Text and Photos by Xavier Lannes
The city of Los Angeles and Rob Dyrdek and are hand in hand in providing Angelinos skateboarders with a place where they can ride challenging obstacles without supposedly getting chased away by the police.
Dyrdek, the pro skateboarder and MTV star, unveiled a $350,000 skate park on December 20, 2009 that is the latest in his Safe Spot, Skate Spot program. The skate park is located at 415 South Saint Louis Street, Los Angeles, CA 90033, only 3 miles away (if you take 1st street) from the much bigger Belvedere Skatepark (a 5mn drive), but that means a lot to the kids of East L.A. that live on the other side of the 710 freeway and that cannot afford to pay the bus fare. The park looks fabulous. Although technically embedded downtown the sprawling city of Los Angeles, it is located close to a big lake, on top of the Hollenbeck Hill, adjacent to the Hollywood and the 5 freeways, and surrounded by eucalyptus, palms and lots of other trees. Contrary to other skate park and probably because it is a skate plaza, there is no fence surrounding it and it feels less like “animals in the zoo” when you’re in there. From the park, there is a magnificent view of downtown towers and the San Gabriel Mountains (35 miles away and covered by snow in this current season). And that recent park is not the end of it: Dyrdek has plans for three (yes, 3) more skate parks in the L.A. area. Tired of seeing street skateboarders treated as nuisances, the Midwestern-born Dyrdek started the Safe Spot, Skate Spot program to give them a legal place to ride handrails, ledges and stairs and the centerpiece of his new skate park is a nine-stair handrail.
Reached by telephone, Rob Dyrdek said: "More than anything, it solves a lot of issues. No. 1, it's building a legal place for kids to skate that duplicates a real street, not emulates it. It's the idea of not putting just a fence".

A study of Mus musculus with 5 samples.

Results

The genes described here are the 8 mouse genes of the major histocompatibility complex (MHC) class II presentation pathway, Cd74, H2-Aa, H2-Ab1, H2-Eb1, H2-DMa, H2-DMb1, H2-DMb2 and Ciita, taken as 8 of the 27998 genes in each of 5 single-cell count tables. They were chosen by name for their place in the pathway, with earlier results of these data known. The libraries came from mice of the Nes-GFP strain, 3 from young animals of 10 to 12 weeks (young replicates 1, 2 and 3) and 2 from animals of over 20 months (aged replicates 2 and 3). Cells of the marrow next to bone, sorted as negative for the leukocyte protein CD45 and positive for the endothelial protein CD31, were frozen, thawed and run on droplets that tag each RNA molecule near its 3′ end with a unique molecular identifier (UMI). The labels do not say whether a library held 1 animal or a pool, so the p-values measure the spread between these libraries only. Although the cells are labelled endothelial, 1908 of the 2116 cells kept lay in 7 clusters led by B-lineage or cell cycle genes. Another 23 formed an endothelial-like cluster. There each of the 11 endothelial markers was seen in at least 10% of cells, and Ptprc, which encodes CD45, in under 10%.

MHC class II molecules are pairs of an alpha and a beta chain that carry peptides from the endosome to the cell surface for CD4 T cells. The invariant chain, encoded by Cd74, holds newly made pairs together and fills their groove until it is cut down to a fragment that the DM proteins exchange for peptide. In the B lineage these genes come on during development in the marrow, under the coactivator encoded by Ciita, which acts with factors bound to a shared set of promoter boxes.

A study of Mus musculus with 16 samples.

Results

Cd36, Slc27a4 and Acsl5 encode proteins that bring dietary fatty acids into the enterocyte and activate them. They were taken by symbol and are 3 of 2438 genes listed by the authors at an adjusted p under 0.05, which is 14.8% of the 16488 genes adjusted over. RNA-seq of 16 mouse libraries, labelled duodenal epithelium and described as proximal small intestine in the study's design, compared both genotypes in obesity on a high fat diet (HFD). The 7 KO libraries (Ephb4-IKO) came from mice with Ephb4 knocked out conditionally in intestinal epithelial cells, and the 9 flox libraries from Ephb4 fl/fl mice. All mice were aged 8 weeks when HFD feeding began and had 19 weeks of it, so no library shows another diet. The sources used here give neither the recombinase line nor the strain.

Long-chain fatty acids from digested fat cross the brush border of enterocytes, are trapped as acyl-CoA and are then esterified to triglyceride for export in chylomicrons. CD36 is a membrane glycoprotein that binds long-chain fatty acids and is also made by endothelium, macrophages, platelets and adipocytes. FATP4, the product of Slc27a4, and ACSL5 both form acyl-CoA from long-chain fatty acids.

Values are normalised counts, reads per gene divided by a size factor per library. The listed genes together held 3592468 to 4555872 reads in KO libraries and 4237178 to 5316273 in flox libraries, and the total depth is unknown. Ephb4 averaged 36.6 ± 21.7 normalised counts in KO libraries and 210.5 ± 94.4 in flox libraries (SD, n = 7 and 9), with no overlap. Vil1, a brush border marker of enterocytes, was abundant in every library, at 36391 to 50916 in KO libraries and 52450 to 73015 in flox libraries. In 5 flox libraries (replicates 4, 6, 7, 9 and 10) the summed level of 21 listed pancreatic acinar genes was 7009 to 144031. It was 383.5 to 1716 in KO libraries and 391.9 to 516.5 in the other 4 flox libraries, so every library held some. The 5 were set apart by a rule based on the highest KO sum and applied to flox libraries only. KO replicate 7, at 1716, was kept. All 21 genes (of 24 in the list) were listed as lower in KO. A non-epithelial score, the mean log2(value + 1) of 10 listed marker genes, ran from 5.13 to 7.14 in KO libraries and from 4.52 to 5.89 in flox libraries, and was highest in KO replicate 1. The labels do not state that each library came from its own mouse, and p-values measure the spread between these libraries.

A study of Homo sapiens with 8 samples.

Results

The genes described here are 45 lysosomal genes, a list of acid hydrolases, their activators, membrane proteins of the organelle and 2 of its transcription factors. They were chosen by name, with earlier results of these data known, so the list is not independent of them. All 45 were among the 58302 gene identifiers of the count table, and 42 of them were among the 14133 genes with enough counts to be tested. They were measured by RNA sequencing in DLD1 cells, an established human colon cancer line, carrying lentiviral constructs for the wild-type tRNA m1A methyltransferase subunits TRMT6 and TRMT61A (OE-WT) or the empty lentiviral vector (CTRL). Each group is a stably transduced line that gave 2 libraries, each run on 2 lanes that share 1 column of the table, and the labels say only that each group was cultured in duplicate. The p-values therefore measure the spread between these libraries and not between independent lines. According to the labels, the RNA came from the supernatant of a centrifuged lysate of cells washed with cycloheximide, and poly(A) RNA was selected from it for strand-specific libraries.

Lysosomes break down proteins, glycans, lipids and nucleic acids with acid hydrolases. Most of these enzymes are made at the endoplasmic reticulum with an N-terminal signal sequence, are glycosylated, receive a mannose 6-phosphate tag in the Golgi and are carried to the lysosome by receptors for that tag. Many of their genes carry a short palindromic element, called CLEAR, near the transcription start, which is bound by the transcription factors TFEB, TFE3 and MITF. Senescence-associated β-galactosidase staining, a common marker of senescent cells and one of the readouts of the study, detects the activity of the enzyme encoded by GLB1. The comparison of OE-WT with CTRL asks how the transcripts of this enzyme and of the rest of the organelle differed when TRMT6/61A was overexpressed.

Dyrdek contributed $75,000 from his foundation and Los Angeles City Councilman Jose Huizar came up with the rest of the funding for the 14,000-square-foot, tri-level skate plaza at Hollenbeck Park just east of downtown. The $75,000 he contributed came from a $100,000 donation to his foundation from pro skateboarder Ryan Sheckler's golf tournament.
The first skate park sponsored by Dyrdek opened in February 2009, in Lafayette Park, when he and Los Angeles Mayor Antonio Villaraigosa rode the world's largest skateboard ever made, a beast measuring 38 feet, 6 inches.
"They've bought into what I'm trying to do," Dyrdek said by phone."I think conceptually, when you say,'Hey, it's not that expensive. If you give me a little piece of it, I'll make a really cool, unique, skateable surface that enhances the park and looks gorgeous.' And even for all that, if skateboarding dies tomorrow, they still have this great plaza, and they can turn it into something else.” "They've really stepped up and given me basically a shot at every park in the city, and I've just been going out trying to raise money and make it happen."
Dyrdek, the star of "Rob&Big" and now the "Fantasy Factory" on MTV, made the recent movie "Street Dreams" earlier this year to show the mainstream what street skateboarders are all about.
His parks are built by Joe Ciaglia of California Skateparks and California Ramp Works. Ciaglia built the street course and half pipe for the first two editions of the Maloof Money Cup, the richest competition in skateboarding.